So on Saturday we finished doing set-up for the summer game. (Minus character creation for a player who was in the original game but may or may not be in this one; I'm going to see about getting him to come over and do that sometime this week.) We even set up a campaign blog, complete with title: Is This Foul? Is It?
There was a bit of grumbling from some of the players, since no actual roleplaying occurred during the session, but I was fairly pleased with how it went. We have a decent idea of a starting point for next week's session, and a good level of player excitement and involvement. (Maggienotmegan wrote up everything that's currently on the blog, with no input from me! Go player involvement! I need to come up with a good reward scheme for that kind of thing, whether it's XP, "brownie points," or just more in-game story stuff.)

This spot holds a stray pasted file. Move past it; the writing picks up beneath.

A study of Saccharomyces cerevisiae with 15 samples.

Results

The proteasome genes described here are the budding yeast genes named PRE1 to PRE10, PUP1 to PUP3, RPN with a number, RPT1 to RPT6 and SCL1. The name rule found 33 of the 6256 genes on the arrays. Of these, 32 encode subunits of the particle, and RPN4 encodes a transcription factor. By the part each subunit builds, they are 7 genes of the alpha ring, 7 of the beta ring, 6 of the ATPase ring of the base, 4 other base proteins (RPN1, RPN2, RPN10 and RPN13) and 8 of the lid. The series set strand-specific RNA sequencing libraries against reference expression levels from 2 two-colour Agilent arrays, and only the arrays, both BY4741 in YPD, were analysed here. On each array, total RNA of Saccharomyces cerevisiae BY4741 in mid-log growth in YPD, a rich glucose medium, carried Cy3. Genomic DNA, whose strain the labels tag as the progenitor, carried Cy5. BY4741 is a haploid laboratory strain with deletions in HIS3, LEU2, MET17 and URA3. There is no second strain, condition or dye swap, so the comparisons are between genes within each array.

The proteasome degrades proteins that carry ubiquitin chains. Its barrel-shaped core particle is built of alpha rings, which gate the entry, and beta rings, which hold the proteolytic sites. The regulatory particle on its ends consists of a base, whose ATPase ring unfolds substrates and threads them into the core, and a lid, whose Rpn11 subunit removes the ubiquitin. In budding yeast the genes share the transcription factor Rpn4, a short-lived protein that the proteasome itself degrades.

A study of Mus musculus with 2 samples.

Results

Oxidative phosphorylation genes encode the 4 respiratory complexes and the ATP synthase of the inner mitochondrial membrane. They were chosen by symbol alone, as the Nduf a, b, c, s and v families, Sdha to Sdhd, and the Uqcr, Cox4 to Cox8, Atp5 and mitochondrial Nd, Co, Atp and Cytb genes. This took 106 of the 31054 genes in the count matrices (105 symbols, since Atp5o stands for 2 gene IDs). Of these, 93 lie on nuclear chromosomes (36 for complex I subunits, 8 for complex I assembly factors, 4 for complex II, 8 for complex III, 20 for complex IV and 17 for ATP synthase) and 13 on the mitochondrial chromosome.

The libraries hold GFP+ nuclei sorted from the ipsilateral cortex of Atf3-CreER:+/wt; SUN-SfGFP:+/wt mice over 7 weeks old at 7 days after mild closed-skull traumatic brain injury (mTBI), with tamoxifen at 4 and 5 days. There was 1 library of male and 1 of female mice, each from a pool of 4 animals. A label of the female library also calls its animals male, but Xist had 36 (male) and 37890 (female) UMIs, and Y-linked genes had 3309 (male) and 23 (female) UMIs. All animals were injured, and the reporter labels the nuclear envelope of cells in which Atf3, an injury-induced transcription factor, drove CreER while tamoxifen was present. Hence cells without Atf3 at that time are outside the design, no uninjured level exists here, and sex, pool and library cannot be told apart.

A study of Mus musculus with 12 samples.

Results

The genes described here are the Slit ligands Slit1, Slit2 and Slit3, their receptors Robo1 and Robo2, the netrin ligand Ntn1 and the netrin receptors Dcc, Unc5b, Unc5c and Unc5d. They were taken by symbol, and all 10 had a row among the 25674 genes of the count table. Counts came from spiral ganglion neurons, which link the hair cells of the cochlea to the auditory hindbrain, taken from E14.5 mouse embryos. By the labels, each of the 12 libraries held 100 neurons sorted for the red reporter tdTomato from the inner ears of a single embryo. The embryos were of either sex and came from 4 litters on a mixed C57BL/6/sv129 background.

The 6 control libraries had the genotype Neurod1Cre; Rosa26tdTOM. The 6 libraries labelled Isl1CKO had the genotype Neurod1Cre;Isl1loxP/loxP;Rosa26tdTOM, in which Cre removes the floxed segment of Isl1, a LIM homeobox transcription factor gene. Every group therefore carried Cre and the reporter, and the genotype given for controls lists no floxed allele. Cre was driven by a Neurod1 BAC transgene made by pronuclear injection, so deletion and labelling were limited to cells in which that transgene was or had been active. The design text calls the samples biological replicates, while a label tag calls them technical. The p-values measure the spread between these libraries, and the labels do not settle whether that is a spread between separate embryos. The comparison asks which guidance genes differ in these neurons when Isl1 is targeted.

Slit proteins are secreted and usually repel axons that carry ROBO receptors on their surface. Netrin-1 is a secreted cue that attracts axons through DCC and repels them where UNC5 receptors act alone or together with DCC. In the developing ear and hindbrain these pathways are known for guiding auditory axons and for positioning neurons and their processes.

Most importantly, I've now got a surprisingly good idea of what the local area looks like, thanks to a neat trick I pulled. I worked out all the major locations, and wrote each one's name at the top of a sheet of notebook paper, along with few brief details. Then I passed out one for each of the players, and they each added a detail to theirs and passed it to the next player. This continued until each page was filled. As I told them, I won't use everything they listed (though that was mostly to spur creativity by keeping them from worrying about messing up the setting) but I've got a decent starting point.
And it was a lot of fun. The players enjoyed it, and it built investment in the world and the game. There's now a number of little details scattered about the setting that they'll enjoy interacting with, because they're responsible for them. (Like fire toads!) I enjoyed it, both because I participated to keep the ideas going and because it gave me a lot less work to do.
I liked it so much that I might try it again. It strikes me as a good session warm-up activity, and I've got a number of places that might benefit from the same manner of detailing. The main overland map, the nine cities, and even the five cantons of Xanadu itself would all take well to the technique.